Which Fizz is the Right Fizz?


Two words always seem to magically pop up, like CO2 during fermentation, when people discuss sparkling wine – celebration and Champagne.  But why save the bubbles for a special occasion? And who said anything about Champagne? Sparkling wine is made in most wine producing regions such as zippy Cava from Spain, refreshingly crisp Frizzante wines from Italy and other French sparkling wines such as Vins Mousseux and Cremants. With so much variety, there is a perfect one for every occasion. Enjoy a “fizzy lifting drink” at a sexy roof top party, a posh picnic or aboard a yacht. What could be a better setting to pop a bottle of bubbly?

If there is one wine etiquette faux-pas, it would be using Champagne to describe all sparkling wine. There is a clear distinction to be made here…Champagne is the granddaddy of all sparkling wine. Normally a blend of several vintages, it is allowed to ferment in the bottle, aged for a prolonged period of time and possesses richness and complexity that other sparkling wines will never attain. Additionally, it is only made in Champagne, France; sparkling wine made outside of this region is not legally allowed to carry the name. So the moral of the story is that Champagne and sparkling wine cannot be used interchangeably; Champagne is definitely sparkling wine, but not all sparkling wine is Champagne.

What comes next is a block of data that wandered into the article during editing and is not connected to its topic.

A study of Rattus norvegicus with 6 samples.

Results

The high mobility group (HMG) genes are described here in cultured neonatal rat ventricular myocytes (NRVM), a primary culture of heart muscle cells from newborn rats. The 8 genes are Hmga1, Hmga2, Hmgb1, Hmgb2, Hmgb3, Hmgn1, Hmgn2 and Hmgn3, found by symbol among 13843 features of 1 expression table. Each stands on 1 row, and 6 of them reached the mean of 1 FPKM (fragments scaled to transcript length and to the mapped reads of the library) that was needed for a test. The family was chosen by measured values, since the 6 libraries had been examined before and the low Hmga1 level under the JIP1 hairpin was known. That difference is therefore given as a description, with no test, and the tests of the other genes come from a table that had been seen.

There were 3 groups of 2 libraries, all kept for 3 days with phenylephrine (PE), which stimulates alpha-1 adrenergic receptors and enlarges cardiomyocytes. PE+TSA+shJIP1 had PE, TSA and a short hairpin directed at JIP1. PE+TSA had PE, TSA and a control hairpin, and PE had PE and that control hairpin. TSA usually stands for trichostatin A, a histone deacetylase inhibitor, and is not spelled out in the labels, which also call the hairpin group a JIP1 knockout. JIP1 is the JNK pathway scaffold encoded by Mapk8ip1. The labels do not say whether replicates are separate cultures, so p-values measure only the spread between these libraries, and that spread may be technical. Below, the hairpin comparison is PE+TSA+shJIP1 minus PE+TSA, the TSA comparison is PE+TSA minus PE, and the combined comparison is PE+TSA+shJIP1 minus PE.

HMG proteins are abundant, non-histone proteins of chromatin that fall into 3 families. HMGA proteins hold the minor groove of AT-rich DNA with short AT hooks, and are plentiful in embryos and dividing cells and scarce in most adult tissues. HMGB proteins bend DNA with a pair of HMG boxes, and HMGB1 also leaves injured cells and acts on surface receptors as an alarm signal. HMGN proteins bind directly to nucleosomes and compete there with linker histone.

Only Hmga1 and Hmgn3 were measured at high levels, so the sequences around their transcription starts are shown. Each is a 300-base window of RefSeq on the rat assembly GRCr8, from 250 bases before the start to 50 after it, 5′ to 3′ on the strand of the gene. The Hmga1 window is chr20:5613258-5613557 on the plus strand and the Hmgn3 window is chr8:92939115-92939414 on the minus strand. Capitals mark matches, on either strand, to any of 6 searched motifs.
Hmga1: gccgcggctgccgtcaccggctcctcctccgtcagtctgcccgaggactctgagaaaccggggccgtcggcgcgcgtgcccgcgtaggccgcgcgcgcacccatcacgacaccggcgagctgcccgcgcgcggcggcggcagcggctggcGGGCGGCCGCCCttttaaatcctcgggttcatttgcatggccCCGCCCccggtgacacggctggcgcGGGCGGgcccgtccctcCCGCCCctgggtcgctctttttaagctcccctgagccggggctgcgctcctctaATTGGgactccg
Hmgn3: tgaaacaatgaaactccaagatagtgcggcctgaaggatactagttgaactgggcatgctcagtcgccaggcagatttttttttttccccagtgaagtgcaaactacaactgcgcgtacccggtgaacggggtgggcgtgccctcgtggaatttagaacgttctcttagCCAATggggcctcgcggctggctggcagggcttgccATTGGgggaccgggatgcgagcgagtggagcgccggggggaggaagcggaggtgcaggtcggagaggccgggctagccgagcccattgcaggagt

Once people overcome the hurdle of calling bubbly wine something it is not, they can move onto the pleasures and delights of discovering a throng of exciting sparkling wines made all over the world.  Pick up a bottle, bring the fizz and all that jazz to a cocktail party near you.

Haute Wines:

Jean Francois Merieau, “Bulles” Methode Traditionelle, NV, $25 – This lovely, bubbly Loire valley wine, Touraine to be precise, made of 80% chenin blanc and 20 percent sauvignon blanc is fun, spritzy, and sassy. Slightly off-dry, its effervescence gives way to wafting scents of apples, pears and citrus with a light asian spice on the finish. Unmistakably a party in a bottle, just check the label: Bulles  = bubbles.


Fantinel, Rosé Brut, Friuli, NV, $20 – From the Friuli region in Italy, this predominantly pinot nero/chardonnay (87%/13%) blend made in the charmat method shines and shimmers in shades of strawberries and cream. Freshly crushed red berries and a light yeastiness entice the senses while its delicate texture and bright acidity awakens the soul.


Movia, “Puro” Rose, Slovenia 2000, $50 – Ales Kristancic makes one of the most undeniably dramatic and complex rosé sparklers available.  Just like its winemaker, Puro is simultaneously vibrant, powerful and eclectic, always making a spectacular entrance as it arrives undisgorged and upside down.  In order to unlock the buckets of berries and bushels of citrus notes, the bottle must be submerged and opened in its own water bath.  So novices beware, open at your own risk.

Please note some wines are very limited in production and therefore difficult to find. If interested in acquiring, visit  www.epicuriouschic.com and they can assist in sourcing these wines.